A 22-year-old interview with a former Richard Nixon aide was released Tuesday (March 22) blowing the top on the administration's War on Drugs, which according to him, was really an all out attack on anyone who opposed the Vietnam war and black people.

In a shockingly honest story published this week by Harper Magazine's Dan Baum, Baum revisits a 1994 interview with John Ehrlichman, who boldly came clean about Nixon's true goals.

"You want to know what this was really all about," Ehrlichman, who died in 1999 said. "The Nixon campaign in 1968, and the Nixon White House after that, had two enemies: the antiwar left, and black people. You understand what I'm saying," he continued.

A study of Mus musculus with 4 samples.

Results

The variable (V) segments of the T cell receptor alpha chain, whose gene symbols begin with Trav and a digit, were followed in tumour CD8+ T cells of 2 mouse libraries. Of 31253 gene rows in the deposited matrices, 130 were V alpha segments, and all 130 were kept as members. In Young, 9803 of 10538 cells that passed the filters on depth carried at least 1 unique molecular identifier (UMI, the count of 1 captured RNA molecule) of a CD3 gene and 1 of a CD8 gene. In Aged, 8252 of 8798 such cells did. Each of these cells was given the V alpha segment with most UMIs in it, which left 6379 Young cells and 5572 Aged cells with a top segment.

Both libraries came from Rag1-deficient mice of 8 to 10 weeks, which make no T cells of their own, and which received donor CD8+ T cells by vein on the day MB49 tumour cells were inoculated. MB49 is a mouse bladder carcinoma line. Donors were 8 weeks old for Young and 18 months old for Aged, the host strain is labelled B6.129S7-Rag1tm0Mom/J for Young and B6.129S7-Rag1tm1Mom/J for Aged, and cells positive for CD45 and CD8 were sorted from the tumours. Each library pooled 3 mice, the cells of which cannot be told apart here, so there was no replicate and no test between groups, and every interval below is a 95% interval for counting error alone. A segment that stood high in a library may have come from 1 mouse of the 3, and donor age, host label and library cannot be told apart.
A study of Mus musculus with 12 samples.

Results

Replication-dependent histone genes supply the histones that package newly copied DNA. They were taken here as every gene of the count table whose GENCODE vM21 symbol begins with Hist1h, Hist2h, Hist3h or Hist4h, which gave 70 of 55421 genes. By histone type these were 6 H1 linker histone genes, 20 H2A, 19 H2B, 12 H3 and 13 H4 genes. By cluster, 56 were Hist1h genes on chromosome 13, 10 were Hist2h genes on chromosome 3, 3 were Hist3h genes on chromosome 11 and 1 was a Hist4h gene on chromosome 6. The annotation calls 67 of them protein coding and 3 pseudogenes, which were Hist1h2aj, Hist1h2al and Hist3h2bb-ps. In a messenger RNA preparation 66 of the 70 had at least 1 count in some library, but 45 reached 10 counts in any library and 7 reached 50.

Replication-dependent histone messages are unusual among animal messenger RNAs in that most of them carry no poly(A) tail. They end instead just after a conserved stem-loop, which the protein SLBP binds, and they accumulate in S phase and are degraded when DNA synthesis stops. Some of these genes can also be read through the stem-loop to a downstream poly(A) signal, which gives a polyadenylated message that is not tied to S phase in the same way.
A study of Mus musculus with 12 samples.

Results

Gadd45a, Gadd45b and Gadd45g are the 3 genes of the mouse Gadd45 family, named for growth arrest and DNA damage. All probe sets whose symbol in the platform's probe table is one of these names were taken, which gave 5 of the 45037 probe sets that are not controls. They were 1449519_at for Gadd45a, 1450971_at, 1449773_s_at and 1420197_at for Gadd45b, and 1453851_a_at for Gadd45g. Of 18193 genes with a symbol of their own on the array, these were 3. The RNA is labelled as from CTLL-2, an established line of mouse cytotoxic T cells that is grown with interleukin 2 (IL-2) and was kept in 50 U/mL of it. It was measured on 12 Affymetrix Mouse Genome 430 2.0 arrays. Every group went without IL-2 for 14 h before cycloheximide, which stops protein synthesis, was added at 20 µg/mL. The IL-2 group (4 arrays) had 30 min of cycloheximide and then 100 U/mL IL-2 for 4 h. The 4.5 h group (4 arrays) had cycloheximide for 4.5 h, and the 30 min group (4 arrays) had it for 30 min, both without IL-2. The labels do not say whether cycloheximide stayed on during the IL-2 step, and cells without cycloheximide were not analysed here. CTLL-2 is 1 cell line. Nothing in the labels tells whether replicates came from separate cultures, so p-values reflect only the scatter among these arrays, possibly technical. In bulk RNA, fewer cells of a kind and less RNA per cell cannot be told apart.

It's reported Ehrlichman served 18 months in a Federal prison over his involvement in the Watergate Scandal, and was said to still have harbored resentment toward Nixon over what he believed was betrayal, which makes some think the candid statements about targeting blacks is out of revenge. Yet the notion Nixon used his administration to do so isn't completely unfathomable.

In June 1971, Nixon announced The War on Drugs, and cited the high death tolls of drug use. Although African-Americans aren't more likely than whites to use drugs, blacks are more targeted, and likely to receive twice as long prison sentences because of it, according to reports.

"We knew we couldn't make it illegal to be either against the war or blacks, but by getting the public to associate the hippies with marijuana and blacks with heroin, and then criminalizing both heavily, we could disrupt those communities. We could arrest their leaders, raid their homes, break up their meetings, and vilify them night after night on the evening news. Did we know we were lying about the drugs? Of course we did."